Tuesday, May 26, 2015

Again, the "natural" rate of output

Which part of this graph would you say shows "natural" output?

GDP Growth Over the Very Long Run
Max Roser (2014) – ‘GDP Growth Over the Very Long Run’. Published online at OurWorldInData.org. Retrieved from: http://ourworldindata.org/data/growth-and-distribution-of-prosperity/gdp-growth-over-the-very-long-run/ [Online Resource]

Before you answer let me say I think there must have been a similar peak in the time of ancient Rome. Smaller than ours, but no less temporary. And probably others.

When a peak rises like that, it's not "natural". It's the result of economic management, coddling, encouragement, and stuff like that. And finance. Not only technology. Probably not primarily technology.

Maybe it's all natural, the extended low, the rise to peak, and the fall back. But then, the rise and fall is only a momentary blip on the screen.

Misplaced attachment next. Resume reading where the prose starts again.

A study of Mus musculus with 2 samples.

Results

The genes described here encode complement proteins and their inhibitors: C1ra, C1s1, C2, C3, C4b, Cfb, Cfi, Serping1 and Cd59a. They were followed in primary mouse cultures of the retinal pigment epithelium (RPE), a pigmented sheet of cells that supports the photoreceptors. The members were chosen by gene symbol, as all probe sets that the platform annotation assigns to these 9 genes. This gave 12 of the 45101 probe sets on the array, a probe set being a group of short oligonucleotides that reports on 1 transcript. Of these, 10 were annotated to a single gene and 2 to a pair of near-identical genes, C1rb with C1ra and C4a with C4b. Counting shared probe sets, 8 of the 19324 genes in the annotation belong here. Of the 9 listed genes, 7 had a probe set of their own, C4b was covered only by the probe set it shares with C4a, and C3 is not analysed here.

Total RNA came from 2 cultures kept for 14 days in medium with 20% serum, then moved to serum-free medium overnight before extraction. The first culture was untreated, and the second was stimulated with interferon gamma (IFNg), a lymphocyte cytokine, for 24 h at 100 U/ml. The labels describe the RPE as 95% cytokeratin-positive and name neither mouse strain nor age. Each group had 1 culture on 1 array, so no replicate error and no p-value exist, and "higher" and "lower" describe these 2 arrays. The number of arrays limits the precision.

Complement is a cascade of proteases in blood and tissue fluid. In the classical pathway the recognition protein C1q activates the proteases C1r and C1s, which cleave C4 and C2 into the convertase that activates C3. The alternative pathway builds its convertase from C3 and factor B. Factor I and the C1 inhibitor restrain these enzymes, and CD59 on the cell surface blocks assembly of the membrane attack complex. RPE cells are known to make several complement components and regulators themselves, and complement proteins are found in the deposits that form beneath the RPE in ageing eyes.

Here's another look, with some old MeasuringWorth data that's no longer available:

Graph #2
This graph only goes back to 1688. The first graph goes back to year one.


The graph of MeasuringWorth data is from 2010 maybe or 2011. It's a Google Docs spreadsheet graph, I recognize it. So I searched my old Google Docs files and found it. Exported it to XLS format, added some current UK GDP data for comparison -- the new and old datasets differ! -- and provided a link to the older data that MeasuringWorth no longer provides.

Might not be worth anything: The current dataset begins with 1820. The old dataset contains only five values before that date: 1300, 1688, 1759, 1801, and 1811.

Huh. I wonder why they didn't have a number for 1086. From the Domesday book.

1 comment:

Jazzbumpa said...

In a closed system, an exponential trend must eventually fail.

This is why we must reach the stars.